1. #11
    I think if you have around 2 hp or less in a lathe or mill , it is less of a problem.
    When hogging material on my 7.5 hp lathe, set to break chips it becomes a problem..
    "Little toy" 10" machines break chips as well. I regularly get a shower of hot chips when turning certain materials, since I do not use what passes for power feed on the Logan.

    Every lathe breaks chips with interrupted cuts, especially when turning a rough-sawed piece with several straight sawed edges to round.

    Mills are not fussy, they make small chips by the thousands.... and smaller mills may make more of them.

    No rest for the wicked, the shop just has small chips on the floor, and there is hardly any way around that fact.
    1601

    Keep eye on ball.
    Hashim Khan

  2. #12
    On my small lathe, the d.o.c. is usually a 1/16 or less, and they break or flatten when you step on them.

    Your chipload may vary....

  3. #13

    http://www.gratingpacific.com/metal_..._gratings.html


    https://www.ebay.com/itm/Heavy-Metal...-/153447191695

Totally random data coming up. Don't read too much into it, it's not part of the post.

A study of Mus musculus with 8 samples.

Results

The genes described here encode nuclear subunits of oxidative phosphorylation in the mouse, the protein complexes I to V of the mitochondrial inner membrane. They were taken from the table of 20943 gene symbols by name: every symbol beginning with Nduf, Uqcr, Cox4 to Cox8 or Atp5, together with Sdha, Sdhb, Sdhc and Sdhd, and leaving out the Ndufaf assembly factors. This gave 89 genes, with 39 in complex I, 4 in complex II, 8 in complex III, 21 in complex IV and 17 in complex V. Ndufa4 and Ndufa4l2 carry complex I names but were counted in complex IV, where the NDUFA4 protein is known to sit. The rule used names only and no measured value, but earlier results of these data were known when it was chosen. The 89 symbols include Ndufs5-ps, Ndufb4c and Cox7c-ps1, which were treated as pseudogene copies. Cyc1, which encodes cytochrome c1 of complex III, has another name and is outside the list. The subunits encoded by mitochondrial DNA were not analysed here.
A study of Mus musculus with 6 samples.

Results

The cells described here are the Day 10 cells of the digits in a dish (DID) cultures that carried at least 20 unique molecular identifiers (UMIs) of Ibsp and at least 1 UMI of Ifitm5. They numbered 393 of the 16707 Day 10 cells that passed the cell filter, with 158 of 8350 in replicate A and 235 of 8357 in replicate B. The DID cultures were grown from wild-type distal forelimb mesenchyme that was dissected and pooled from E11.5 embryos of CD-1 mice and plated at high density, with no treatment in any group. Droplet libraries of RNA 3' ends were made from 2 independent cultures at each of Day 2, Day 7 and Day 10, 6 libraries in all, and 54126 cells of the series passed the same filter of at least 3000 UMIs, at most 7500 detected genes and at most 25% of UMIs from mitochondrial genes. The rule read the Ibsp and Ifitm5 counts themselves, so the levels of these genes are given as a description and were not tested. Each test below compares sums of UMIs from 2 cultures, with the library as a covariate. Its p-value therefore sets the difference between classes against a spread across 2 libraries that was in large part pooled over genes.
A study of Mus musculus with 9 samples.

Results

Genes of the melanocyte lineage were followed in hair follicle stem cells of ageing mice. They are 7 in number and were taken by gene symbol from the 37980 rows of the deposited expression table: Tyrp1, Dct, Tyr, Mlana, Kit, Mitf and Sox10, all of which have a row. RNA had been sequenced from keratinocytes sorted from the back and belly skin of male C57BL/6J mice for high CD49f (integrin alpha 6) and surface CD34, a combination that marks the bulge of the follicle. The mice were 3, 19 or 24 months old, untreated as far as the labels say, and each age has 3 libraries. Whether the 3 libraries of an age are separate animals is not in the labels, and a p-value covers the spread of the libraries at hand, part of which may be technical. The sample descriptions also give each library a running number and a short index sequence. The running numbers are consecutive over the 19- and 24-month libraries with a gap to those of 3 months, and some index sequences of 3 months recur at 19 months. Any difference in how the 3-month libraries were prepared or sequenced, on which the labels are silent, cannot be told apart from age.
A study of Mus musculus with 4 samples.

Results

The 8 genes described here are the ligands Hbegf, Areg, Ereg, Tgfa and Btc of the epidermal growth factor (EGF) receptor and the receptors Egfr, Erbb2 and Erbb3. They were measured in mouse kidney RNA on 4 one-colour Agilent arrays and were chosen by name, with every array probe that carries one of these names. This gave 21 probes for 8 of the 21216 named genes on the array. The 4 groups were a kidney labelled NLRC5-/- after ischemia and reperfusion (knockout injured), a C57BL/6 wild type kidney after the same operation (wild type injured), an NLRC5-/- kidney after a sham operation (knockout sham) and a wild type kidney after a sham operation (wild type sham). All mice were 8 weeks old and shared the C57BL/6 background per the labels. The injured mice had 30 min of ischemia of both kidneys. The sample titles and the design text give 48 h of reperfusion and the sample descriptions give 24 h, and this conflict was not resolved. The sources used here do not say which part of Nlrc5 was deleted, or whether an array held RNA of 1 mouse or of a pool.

4. #14

  5. #15
    ...
    On my small lathe, the d.o.c. is usually a 1/16 or less, and they break or flatten when you step on them.

    ....
    they still can be tracked around and get to places they should not be. In fact, being smaller, hey get to more places.
    1601

    Keep eye on ball.
    Hashim Khan

  6. #16
    I found the big blue chips that are 3/8 or 1/2 across when they are C shaped or 9 s... those are the problem. With a good depth of cut like 3/16.
    On my small lathe, the d.o.c. is usually a 1/16 or less, and they break or flatten when you step on them.

    Your chipload may vary....
    I’ll take large c-shaped chips any day compared to small sharp slivers from milling stainless or 4130 with tiny endmill... those buggers dig in to your skin by dozens

  7. #17
    What I was saying was, if the soles are resistant to the heavier harder chips, then the little stuff?

  8. #18

    I seldom get chips stuck in my soles, and I wear hiking boots all the time in the shop. It's more likely that I'll get a chip if I've been using the nibbler- there's some annoying little curls for ya.
    I seldom do anything within the scope of logical reason and calculated cost/benefit, etc- I'm following my passion-

  9. #19
    I thought we were talking in this thread about swarf sticking to your soles.
    What I was saying was, if the soles are resistant to the heavier harder chips, then the little stuff?
    Yeah, but.. small slivers tend to find their way inside the house on soles (and clothes) and the its a ploplem.

  10. #20
    The tradeoff is the boots are not as comfy, and I can tell when I have been wearing them all day.
    Try some orthotic insoles. I put them in all my shoes now.